First and foremost, embracing Dynamic Access requires an identity-based approach to access management. This means that access to systems is defined at the individual or employee level, and access is provisioned based on the needs of that specific individual.
The criticality of this approach cannot be overstated. Without foundationally basing access on what each individual person in your organization needs, it becomes impossible to dynamically adjust access when turnover, role changes, or new technology adoption occurs.
SAMM: Privileged Access Management
Level 2 of the Secure Access Maturity Model is primarily focused on adding additional security measures for the most sensitive accounts. These typically include accounts with admin-level privileges and those with elevated privileges— basically any account that has direct access to sensitive data or settings.
Attributes of Level 2 Access
Personal-privileged accounts managed by PAM
Access tends to be “always on”—meaning credentials and accounts are primarily de-provisioned when an organizational change happens
Privileged Access Management
The main characteristic of Level 2 is the adoption of security measures that ensure accounts with elevated privileges have extra protections. This practice encompasses an entire technology category: Privileged Access Management (PAM).
PAM solutions establish policies and practices that ensure the security of sensitive data through the close management of administrative accounts. The idea is to add additional security layers for those accounts that represent the most risk in the case of a breach. The biggest challenge, however, is that the scope is very narrow—it only helps to protect privileged accounts, and in many cases, a limited set of resources.
Technologies often used as part of Level 2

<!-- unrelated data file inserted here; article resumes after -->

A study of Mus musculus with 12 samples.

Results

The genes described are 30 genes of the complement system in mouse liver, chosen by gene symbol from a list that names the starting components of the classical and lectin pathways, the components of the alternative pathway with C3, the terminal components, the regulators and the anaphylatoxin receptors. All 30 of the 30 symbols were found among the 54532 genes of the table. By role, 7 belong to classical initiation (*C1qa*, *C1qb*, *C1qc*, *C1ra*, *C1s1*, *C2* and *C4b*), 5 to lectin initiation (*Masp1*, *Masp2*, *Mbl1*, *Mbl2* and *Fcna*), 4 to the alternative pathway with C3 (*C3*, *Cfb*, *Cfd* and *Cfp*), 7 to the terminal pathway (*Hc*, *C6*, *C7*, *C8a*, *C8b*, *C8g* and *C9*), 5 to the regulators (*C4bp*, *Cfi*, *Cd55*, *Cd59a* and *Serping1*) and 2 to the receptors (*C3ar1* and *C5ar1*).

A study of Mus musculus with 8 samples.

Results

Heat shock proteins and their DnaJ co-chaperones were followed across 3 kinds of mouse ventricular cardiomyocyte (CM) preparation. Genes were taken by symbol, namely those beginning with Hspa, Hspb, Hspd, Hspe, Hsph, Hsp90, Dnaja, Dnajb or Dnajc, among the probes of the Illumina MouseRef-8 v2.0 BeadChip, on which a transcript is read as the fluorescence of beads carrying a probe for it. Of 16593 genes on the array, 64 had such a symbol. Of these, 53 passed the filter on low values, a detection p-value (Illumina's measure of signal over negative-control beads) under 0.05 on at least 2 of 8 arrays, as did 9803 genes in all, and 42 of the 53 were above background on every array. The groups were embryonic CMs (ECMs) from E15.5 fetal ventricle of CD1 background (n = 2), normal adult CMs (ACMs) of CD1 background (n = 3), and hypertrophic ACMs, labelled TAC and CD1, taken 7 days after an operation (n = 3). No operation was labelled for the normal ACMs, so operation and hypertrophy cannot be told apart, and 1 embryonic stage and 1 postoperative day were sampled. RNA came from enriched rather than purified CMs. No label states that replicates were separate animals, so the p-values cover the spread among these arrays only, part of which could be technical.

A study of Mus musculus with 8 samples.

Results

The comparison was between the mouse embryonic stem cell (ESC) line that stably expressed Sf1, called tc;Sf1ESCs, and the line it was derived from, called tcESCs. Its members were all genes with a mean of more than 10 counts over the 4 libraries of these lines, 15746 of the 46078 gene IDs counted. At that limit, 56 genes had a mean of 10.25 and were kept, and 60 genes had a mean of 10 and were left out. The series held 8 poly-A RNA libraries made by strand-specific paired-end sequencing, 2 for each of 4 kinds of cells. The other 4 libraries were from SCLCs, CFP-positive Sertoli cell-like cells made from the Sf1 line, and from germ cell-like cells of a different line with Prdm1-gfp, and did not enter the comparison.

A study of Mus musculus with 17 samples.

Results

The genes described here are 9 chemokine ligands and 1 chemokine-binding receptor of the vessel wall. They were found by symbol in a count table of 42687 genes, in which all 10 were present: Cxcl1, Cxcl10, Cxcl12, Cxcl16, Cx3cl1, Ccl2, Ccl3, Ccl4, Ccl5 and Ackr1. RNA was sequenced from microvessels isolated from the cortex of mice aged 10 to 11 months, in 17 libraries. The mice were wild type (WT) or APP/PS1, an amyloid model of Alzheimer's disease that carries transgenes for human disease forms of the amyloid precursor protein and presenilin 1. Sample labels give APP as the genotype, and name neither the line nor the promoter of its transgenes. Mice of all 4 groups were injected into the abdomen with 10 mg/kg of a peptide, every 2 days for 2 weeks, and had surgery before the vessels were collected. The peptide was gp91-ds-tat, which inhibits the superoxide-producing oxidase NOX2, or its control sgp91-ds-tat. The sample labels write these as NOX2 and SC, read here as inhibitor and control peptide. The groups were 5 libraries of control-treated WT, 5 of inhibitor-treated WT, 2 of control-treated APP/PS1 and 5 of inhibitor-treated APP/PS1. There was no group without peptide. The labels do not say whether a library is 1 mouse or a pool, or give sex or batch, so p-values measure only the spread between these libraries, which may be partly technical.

Privileged Access Management Tool
Your organization has a PAM tool that secures and manages privileged accounts. In some cases, this may include tools that help onboard/offboard users and supports audits.
In most organizations, elevated privileges exist beyond admin accounts. This could be a developer or engineer with access to production data, or even marketing teams with access to sensitive customer data. Levels 3 and 4 of the maturity model will help to close this gap.
In fact, it’s possible to skip Level 2 of the maturity model altogether.
Access Lifecycle: Always On
Similar to Level 1 of the maturity model, Level 2 has an “always on” lifecycle for credentials. This is defined as credentials being created when someone joins an organization, or a new technology is adopted, and that credential exists in perpetuity until that individual leaves or the technology is retired.
From Privileged Access to Dynamic Access
PAM has been the gold standard for protecting access for a long time and it makes sense, because if you can’t protect everyone or every tool, protect the people and tools that carry the highest risk. But that just isn’t the case any more.
Modern organizations must extend protection of access to all employees and all tools. Any less and you’re leaving yourself open to risk.
Traditional PAM environments leave critical gaps in your access management program, including cloud environments and new and modern tools. Dynamic Access Management (DAM) addresses this by providing just-in-time access to every technical employee, every tool in your stack, and ensuring that every action taken is logged and kept available for audits and investigations.